EMV credit cards are becoming very widespread throughout the world, including the U.S.A. This is great for reducing the amount of credit card fraud and theft of financial data for unauthorized purchases at brick-and-mortar retail stores. Unfortunately, because consumers’ information is becoming harder to acquire from physical retail stores, thieves are developing new ways of stealing financial data from online retail stores. This is where the EMV chips aren’t able to protect against theft. In fact, some experts are predicting the Web-based credit card fraud may reach $6.4 billion by 2018.
For businesses selling goods online, the cost of credit card fraud is high. It means extra paperwork, lost time and reduced consumer confidence. Because there are so many factors that go into credit card fraud protection, it’s important to balance the protection you need with a reasonable budget. Let’s examine some ways in which you need to protect against fraud.
Dealing with Card Not Present
When dealing with card not present transactions in e-commerce there are still ways to help ensure the user of the card is the real owner.
- Card Verification Value (CVV) is the three or four digit value on the back of a card. Requiring a customer to provide the correct code can verify if the card is truly present.
- Verifying the address is another good method. Is the billing address provided the same as the address on file with the card issuing bank? Is the customer using a different shipping address than the billing address and are they very far apart?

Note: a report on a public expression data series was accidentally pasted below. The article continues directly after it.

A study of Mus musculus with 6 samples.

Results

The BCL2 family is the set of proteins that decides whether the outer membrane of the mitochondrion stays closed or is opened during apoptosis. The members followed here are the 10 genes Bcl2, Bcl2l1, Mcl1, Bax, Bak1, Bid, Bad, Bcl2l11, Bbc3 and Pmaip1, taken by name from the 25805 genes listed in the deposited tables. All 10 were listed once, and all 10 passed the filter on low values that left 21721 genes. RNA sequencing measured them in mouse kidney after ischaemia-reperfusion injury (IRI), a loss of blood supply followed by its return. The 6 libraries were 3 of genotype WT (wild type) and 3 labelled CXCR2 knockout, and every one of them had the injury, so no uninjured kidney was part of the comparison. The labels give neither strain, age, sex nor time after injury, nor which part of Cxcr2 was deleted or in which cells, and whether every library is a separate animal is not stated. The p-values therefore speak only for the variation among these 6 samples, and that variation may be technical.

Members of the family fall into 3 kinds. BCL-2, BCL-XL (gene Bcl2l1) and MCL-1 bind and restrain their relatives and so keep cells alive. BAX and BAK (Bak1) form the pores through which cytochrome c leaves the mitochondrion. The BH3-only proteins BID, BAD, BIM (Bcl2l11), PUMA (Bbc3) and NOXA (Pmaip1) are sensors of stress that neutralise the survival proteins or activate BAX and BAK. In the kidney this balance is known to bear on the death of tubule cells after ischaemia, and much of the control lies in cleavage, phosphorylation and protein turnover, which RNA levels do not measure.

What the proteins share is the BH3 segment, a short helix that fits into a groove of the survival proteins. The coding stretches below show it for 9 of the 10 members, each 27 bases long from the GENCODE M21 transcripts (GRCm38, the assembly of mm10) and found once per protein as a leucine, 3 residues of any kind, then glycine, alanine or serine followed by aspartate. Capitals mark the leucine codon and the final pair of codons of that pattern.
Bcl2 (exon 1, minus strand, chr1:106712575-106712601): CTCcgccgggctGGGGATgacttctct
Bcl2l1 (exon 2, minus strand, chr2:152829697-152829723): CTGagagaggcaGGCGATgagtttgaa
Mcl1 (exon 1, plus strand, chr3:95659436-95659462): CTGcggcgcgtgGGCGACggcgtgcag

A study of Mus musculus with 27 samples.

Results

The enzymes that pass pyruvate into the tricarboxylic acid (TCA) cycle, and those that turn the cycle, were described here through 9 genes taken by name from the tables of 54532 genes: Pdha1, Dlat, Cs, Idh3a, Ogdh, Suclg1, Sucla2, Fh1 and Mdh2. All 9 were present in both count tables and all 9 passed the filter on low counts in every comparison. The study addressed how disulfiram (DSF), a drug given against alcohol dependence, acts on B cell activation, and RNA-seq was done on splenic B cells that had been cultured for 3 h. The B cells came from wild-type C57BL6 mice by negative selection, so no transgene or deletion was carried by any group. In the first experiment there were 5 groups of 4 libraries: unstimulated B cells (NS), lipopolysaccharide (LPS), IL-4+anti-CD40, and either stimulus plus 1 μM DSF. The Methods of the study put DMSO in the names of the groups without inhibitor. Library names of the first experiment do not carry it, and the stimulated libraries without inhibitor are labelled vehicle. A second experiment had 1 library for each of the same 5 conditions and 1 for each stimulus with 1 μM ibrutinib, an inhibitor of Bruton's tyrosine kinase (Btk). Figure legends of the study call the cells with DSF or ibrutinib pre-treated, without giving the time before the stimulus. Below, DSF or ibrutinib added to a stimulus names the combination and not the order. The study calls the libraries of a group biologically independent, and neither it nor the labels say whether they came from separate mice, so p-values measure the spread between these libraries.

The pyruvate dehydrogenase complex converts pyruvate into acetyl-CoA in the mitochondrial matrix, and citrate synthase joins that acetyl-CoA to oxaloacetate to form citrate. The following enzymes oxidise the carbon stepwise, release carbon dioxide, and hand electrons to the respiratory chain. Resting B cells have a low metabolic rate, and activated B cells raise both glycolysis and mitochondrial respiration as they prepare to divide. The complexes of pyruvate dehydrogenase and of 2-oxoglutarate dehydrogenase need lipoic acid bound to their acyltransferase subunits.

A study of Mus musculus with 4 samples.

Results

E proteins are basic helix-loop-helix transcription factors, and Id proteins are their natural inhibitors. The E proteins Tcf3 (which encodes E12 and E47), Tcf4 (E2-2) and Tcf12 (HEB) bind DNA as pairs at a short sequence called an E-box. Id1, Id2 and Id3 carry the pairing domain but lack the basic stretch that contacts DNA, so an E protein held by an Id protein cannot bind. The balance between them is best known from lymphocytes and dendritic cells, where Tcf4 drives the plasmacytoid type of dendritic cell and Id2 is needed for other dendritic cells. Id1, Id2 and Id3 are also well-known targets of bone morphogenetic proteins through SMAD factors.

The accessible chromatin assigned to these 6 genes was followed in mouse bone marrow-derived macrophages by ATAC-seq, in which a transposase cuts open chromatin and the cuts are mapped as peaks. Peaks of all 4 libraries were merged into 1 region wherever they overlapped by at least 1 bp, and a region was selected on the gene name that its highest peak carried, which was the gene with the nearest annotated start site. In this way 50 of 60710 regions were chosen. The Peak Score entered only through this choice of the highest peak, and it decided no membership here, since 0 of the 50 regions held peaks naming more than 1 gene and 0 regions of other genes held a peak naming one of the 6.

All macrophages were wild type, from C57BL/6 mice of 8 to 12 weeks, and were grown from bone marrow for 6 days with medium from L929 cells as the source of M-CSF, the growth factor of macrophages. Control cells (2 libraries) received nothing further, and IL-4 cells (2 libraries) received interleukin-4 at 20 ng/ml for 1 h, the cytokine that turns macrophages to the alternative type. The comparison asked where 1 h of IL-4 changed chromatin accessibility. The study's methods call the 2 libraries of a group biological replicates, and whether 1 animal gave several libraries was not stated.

Using Physical Location
Some international payment gateways have solutions which provide IP tracking and other filters to control whether a card will be processed or not.
- Geo IP tracking allows you to reject transactions from pre-specified countries, for example, you can set up automatic rejections from China, Russia and Spain.
- You can set your filters up to check when a credit card is used and if it was used in the issuing country or a foreign country. This can also let you accept credit cards from specific countries.
- Payment gateways such as First Atlantic Commerce, which partner with Kount, have IP proxy detection, too. This lets them detect if the visitor using the card is trying to hide their location via IP proxy and if so you can review and decide to accept or reject the transaction, based on other factors.
Extra Fraud Detection Measures
There are a host of other fraud detection measures which are available as well.
- Using filters you can see if an unusual number of transactions are coming from certain IP addresses and see how often they are coming. You can then use this to restrict how many transactions can be processed in a given amount of time.
- With Kount you receive a ‘score’ for each transaction. This score looks at previous history of the credit card’s use to see if it has been involved in suspicious activity previously. Then it can give you a score from 1 to 99 in real-time for every transaction. The higher the score the greater the risk of fraud is present. You can set up your system to refuse a transaction if the score is too high, say 60 or above.
- You can also set your system up to have thresholds and quotas. This means transactions above and below certain amounts will be automatically rejected.
The above are just a handful of features provided by advanced international payment gateways such as First Atlantic Commerce. If you’re an online merchant, make sure you are employing the above methods and more (if your budget allows) to protect yourself and consumers from credit card fraud online.